The shifting, glowing lights of the Aurora Borealis, also known as the Northern Lights, is hard to describe to somebody who has never seen them before. Most appear yellowish-white with shades of green; some are red and pink, and an occasional few are blue. Heaving arcs of light can start at the horizon and suddenly spread upward; sometimes shimmering curtains, streamers and rays can extend all the way to the point directly overhead. It’s quite breathtaking!
What Causes The Aurora Borealis, or Northern Lights?
The Sun’s radiation upon the rare gases of the upper atmosphere is what causes auroras. Subatomic particles—a stream of electrons hurled out from an eruption on the Sun—reach Earth’s atmosphere some 20 to 40 hours later. Upon colliding with the rarefied gases (gases whose pressure is less than the atmospheric pressure) in the upper atmosphere 60–600 miles up, it causes them to vibrate and glow. The shifting glow of the aurora is essentially electrical and somewhat similar to that produced in neon advertising signs where a rarefied gas (like neon, argon or krypton) is animated by an electrical charge, so it too appears to glow. Auroras can last for just an hour or two, or sometimes all through the night.
Aurora Borealis Sightings – How And When To See Them?
In the Northern Hemisphere, the “epicenter” for auroral activity lies close to the Earth’s north magnetic pole—near latitude 74°N. and longitude 97° W., in extreme northern Canada. If you live in Churchill, Manitoba, the aurora is a rather common sight, visible in some form on virtually night of the year. Farther away from the north magnetic pole they are less frequent. From Anchorage, they’re visible about 100 nights per year; near the U.S./Canadian border about 25 nights annually. But farther south they’re rather uncommon.
Your best chance of sighting an aurora, if you live around the latitude of say, Washington, D.C. or Denver, Colorado, is to hope for a major solar flare to erupt, for this sometimes will push the zone of aurora visibility much farther south. On April 12, 1981, for instance, in the wake of a potent solar flare, an aurora was reported as far south as the Mexican border and Florida!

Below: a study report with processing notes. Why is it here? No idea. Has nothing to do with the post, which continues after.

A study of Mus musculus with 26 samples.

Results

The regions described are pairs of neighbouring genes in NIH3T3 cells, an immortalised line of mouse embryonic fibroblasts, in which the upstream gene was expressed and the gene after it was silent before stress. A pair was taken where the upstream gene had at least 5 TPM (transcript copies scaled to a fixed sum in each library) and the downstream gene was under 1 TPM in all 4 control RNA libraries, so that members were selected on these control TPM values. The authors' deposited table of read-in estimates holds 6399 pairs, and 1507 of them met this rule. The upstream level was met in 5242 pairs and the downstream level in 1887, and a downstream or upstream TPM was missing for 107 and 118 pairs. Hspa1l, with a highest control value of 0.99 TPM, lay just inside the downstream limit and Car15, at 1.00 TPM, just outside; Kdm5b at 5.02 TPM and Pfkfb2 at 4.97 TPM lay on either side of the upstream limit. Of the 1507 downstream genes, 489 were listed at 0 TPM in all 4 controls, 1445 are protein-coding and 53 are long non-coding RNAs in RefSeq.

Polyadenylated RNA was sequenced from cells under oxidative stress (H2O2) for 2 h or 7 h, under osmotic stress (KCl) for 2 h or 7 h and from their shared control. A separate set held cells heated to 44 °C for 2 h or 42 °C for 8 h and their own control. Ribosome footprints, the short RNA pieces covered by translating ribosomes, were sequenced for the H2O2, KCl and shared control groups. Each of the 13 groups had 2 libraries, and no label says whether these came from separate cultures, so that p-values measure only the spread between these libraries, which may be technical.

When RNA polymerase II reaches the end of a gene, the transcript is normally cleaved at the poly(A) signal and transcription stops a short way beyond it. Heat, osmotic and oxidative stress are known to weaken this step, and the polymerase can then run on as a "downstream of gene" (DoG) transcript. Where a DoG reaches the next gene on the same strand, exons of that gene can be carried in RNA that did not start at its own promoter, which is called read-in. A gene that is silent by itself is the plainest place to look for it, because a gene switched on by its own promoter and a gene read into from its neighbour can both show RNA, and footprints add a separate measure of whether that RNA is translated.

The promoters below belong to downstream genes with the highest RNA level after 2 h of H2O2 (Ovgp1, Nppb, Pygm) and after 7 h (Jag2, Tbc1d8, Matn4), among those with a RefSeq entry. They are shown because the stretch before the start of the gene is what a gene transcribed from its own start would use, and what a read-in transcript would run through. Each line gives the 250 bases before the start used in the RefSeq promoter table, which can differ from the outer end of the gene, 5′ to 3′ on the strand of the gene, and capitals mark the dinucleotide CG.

Sadly, though, we are currently moving into a phase of minimum solar activity, where very few sunspots and big solar flares occur. Still, one should not give up hope at seeing an aurora. They can occur any time, any where. Check the aurora forecast viewing guide.
Many people travel to Norway, Sweden, or Finland to see the spectacle. If you’re hoping to see the aurora, plan your trip between December and April, when skies are generally less cloudy, and darkness dominates. Summer is not optimal viewing time as prime aurora locations don’t have a lot of darkness during the summer months. Also, try to coincide your trip when the Moon is in the new (invisible) phase, and watch the skies from 10 p.m. and 2 a.m. local time.
An Unexpected Solar Flare
In early August 1972, at a time when solar activity was near minimum, the biggest solar flare in nearly 12 years suddenly and unexpectedly erupted and showered Earth with high-energy particles resulting in a spectacular northern lights display that lasted for three nights. Said Robert Decker, then-chief of the Space Environmental Services Center, “It was sort of like getting snow in Atlanta during July.”
A significant outburst of solar activity can happen at any time; in the statistical long run they cluster when solar activity is high, but one can happen when the Sun is “asleep” as well.
For the latest updates on solar activity and aurora borealis sightings visit www.spaceweather.com.